If you are a UK-resident and interested in self-directed investing, then a self-select ISA should be your first port of call. Potentially even in front of any other stock broking or futures trading account. Self-select ISAs are a tax-free wrapper, into which you can invest £20,000 this financial year, completely tax free.

For most investors, your ISA allowance should be your first choice, and only after you have used that up should you think about other options. A self-select ISA will give you access to a wide range of international share markets, covering potentially over 9000 shares. You can buy and sell shares issued by companies on any recognised exchange in the world. You can also buy corporate bonds listed on recognised exchanges, and bonds issued by the UK government or Eurozone governments.

There are limitations, of course. You are restricted to funds with UK reporting status only. You CAN buy overseas funds, but only those which are considered to be ‘UK friendly’ by the FCA.

Most brokers should screen shares and funds in advance. If you can’t find them on your ISA trading platform, then it usually means they are not eligible for ISA investment.

There are a broad range of foreign companies listed on the London Stock Exchange (LSE) which you can buy for your self-select ISA. Just in the FTSE 100 you will find the likes of Antofagasta [LSE:ANTO], Bunzl [LSE:BNZL], Coca Cola [LSE:CCH], Randgold [LSE:RRS] and Smurfitt Kapp [LSE:SKG].

Beyond this, you also have access to listed investment trusts, investment funds and ETFs (exchange-traded funds). Between them they can provide access to a wider range of companies and sectors, including overseas companies, commercial property, commodities, currencies and infrastructure.

Can I put ETFs in my ISA?

ETFs are under-used by UK investors. You can buy and sell them like a share and their fees are much, much lower than actively managed funds. They are designed to track an index as closely as possible.

Let’s say, for example, that you wanted to include a basket of the leading European companies in your self-select ISA, but you did not have any strong views on which European stocks to buy. You could simply buy an ETF listed on the London Stock Exchange that tracks the EuroStoxx index. A good example is the Vanguard EuroStoxx 50 ETF [LSE:VX5E].

Be aware, however, that not all ETFs listed on the London Stock Exchange are denominated in sterling. Some are quoted in other currencies. Lyxor, for example, also has a EuroStoxx tracking ETF on the LSE, but this is denominated in US dollars.

ETFs are also a great way to gain exposure to commodity markets without venturing into commodity futures or financial spread betting. ETCs, or exchange-traded commodities, work just like ETFs, and most can be purchased for an ISA. For example, ETF Securities and iShares both offer ETCs that track the physical gold price. Similarly, ETF Securities also offers a number of benchmarked oil ETCs, including one devoted to Brent crude oil.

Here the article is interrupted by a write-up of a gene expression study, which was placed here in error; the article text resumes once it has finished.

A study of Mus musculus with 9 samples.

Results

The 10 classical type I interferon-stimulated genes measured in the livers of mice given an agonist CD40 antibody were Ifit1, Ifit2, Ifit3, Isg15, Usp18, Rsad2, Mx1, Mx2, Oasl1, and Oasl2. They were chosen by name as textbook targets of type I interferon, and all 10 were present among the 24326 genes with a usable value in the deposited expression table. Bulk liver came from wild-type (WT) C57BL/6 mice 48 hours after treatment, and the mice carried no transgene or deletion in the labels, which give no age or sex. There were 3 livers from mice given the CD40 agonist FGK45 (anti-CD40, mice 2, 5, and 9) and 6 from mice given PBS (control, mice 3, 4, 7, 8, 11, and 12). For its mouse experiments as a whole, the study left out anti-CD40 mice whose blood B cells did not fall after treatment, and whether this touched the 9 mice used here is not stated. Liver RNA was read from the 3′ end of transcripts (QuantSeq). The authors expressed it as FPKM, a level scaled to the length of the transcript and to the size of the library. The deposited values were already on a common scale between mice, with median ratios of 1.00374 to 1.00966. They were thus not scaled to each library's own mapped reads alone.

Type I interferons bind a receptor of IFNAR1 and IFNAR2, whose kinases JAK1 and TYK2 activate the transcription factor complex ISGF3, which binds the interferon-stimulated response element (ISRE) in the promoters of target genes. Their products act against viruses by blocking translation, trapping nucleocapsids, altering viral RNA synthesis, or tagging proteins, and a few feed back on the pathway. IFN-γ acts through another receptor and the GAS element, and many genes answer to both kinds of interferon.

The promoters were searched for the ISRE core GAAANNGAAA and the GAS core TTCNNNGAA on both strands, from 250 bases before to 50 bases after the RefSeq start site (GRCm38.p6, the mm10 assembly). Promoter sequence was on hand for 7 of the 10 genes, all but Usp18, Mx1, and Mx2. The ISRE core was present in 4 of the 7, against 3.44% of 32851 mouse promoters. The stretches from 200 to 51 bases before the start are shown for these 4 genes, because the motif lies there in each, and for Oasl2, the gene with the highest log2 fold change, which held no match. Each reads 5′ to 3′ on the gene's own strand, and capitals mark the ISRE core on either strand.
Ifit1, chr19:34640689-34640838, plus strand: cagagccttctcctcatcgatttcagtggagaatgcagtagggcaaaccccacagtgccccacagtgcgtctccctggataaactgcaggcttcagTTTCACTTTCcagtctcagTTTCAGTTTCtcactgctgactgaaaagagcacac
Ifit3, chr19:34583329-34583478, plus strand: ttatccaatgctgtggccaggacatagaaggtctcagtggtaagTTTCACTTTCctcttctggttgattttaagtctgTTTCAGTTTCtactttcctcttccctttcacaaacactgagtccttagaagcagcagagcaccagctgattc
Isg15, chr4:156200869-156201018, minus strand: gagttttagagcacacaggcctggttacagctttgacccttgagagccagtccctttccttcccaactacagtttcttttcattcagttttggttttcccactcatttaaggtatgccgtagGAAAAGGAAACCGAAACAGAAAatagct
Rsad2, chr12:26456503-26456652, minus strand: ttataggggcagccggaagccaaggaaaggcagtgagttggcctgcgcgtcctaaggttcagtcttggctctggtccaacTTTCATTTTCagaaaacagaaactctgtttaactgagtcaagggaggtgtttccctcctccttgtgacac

Employee share schemes and cash

If you have shares that have been granted to you via all-employee savings related share options or profit sharing schemes, you can transfer these into a Self-Select ISA within 90 days of receiving them.

You can also now hold cash in an ISA. However the HMRC will tax cash interest in excess of £180 per year that is withdrawn from the ISA. Holding cash in a shares ISA really only makes sense if you are planning to invest that cash, or take it out of the ISA. The alternative is a cash ISA, which only pays interest, and is a separate product. For cash ISAs it is better to shop around the banks and building societies. Focus on the rates offered and the terms and conditions.

What CAN’T go in my Self-Select ISA?

There are some securities you can’t buy for your ISA. Funds and ETFs that do not have UK reporting status are not eligible. You can still buy them, but they would become subject to capital gains tax and stamp duty. These would sit outside your ISA allowance.

While a number of Contracts for Difference brokers have looked at the possibilities of housing CFDs in an ISA, currently they are not eligible. However, some CFD brokers do offer stocks and shares self-select ISAs that can be accessed and managed using the same log in as a CFD trading account.

Where can I open an ISA?

Self-select ISAs can be opened with dozens of different providers in the UK. For a self-select shares ISA, we’d suggest making stockbrokers your first port of call. Choosing a stockbroker is another topic, but in short, they are more likely to be shifting larger volumes of shares in and out of the market. They should be able to provide you with lower fees and commissions.

Don’t forget, to be eligible for an ISA, you must be tax resident in the UK (i.e. ordinarily resident for at least 183 days a year). Foreigners CAN open an ISA, but it is best to check with the HMRC and your home tax authority. For example, it makes less sense for Americans resident in the UK to open an ISA.

Which is the best self-select ISA?

Ultimately much depends on what you want to use your ISA for. The widest range of securities and funds is always the best bet. It is also worth looking at the fees. How much you would you be charged per transaction? Are there any annual administration and custody fees that might apply? If you are only planning to buy and hold a few funds, execution fees will be less of an issue. But don’t forget that funds also apply an annual management fee and frequently additional fees on top of that. If a fund is only going to pass on a 5% return in a year, you don’t want to see 2% go back to the manager in costs.

Before opening an account, be sure your provider will offer access to the markets you want, with no strings attached. If you plan to do a lot of trading on overseas markets, be sure you are completely clear what the fees will be for doing so, as they can be higher than for UK share trading.